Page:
NKorea renews threat - report

2009-06-06 20:02

Seoul - North Korea on Saturday restated that South Korea's decision to join a US-led drive against the proliferation of weapons of mass destruction was a "declaration of war", a report said.

Within days of Pyongyang's detonation of a second nuclear bomb on May 25, Seoul said it would join Washington's Proliferation Security Initiative (PSI), a move that incensed North Korea.

"South Korea's full participation in the PSI is a wanton violation of the DPRK's (North Korea's) sovereignty and an open declaration of war against it," a commentary published in the North's main newspaper, Rodong Sinmun said, reported by South Korea's Yonhap news agency.

"South Korea will be wholly accountable for the disastrous consequences as it has followed foreign forces in utter disregard of the DPRK's sovereignty and dignity," said the commentary.

The PSI, launched in 2003 by then president George W Bush, allows its member countries to interdict airplanes or ships suspected of carrying missiles and other weapons of mass destruction.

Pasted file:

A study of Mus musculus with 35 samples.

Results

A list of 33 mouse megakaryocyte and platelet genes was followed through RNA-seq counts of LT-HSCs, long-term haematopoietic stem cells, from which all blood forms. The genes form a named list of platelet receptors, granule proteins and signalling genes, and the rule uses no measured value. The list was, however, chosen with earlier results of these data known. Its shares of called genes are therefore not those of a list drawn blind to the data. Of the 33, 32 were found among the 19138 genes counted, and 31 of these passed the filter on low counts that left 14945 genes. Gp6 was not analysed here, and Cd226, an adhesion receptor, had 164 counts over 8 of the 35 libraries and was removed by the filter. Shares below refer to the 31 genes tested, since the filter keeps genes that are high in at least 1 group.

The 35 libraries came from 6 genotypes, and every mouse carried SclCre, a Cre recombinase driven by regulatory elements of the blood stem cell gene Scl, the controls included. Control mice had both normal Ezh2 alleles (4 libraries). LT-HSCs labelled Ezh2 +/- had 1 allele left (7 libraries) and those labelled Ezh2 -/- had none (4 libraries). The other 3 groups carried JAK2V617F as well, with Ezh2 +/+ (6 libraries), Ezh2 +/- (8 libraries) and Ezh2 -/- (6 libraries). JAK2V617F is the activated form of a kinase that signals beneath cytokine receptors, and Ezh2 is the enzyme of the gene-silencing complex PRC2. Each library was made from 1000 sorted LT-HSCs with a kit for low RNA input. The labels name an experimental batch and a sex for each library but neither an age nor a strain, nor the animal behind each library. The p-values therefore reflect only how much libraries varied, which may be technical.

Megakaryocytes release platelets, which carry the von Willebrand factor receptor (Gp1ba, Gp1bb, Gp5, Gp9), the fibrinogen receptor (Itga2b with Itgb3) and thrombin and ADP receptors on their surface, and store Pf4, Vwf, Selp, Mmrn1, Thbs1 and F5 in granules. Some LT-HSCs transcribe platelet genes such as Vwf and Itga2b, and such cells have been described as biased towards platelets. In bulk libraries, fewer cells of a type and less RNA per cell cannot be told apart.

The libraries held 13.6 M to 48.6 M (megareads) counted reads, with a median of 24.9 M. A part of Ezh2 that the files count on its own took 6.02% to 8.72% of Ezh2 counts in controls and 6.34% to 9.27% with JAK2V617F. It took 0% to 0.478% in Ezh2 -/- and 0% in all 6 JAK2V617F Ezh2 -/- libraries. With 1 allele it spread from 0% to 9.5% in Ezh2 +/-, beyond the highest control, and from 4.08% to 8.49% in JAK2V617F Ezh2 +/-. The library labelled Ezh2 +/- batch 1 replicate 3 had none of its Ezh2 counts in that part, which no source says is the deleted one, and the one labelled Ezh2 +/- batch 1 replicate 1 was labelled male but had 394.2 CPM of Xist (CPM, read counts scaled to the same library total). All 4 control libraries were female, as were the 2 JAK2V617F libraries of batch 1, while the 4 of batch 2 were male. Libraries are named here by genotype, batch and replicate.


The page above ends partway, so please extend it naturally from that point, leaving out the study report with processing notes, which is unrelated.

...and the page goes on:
Earlier on Saturday, President Lee Myung-Bak said South Korea would not make any compromises in the face of North Korea's military threats and called for Pyongyang to return to six-party disarmament talks.

"I hereby make it clear again that there won't be any compromise in issues threatening the lives of the people and national security," Lee said at a speech marking Memorial Day to honour the Korean War dead.

"Even at this very moment, the North is ratcheting up the level of threats as we are also stepping up our defence posture, resulting in a trigger-wire confrontation," Lee said.

In France, US President Barack Obama said North Korea's nuclear test had been "extraordinarily provocative" and that the international community would take "a very hard look" at how it would react to the move.

The UN Security Council is considering new sanctions against Pyongyang but diplomats at the UN say agreement is being held up by differences among seven key powers.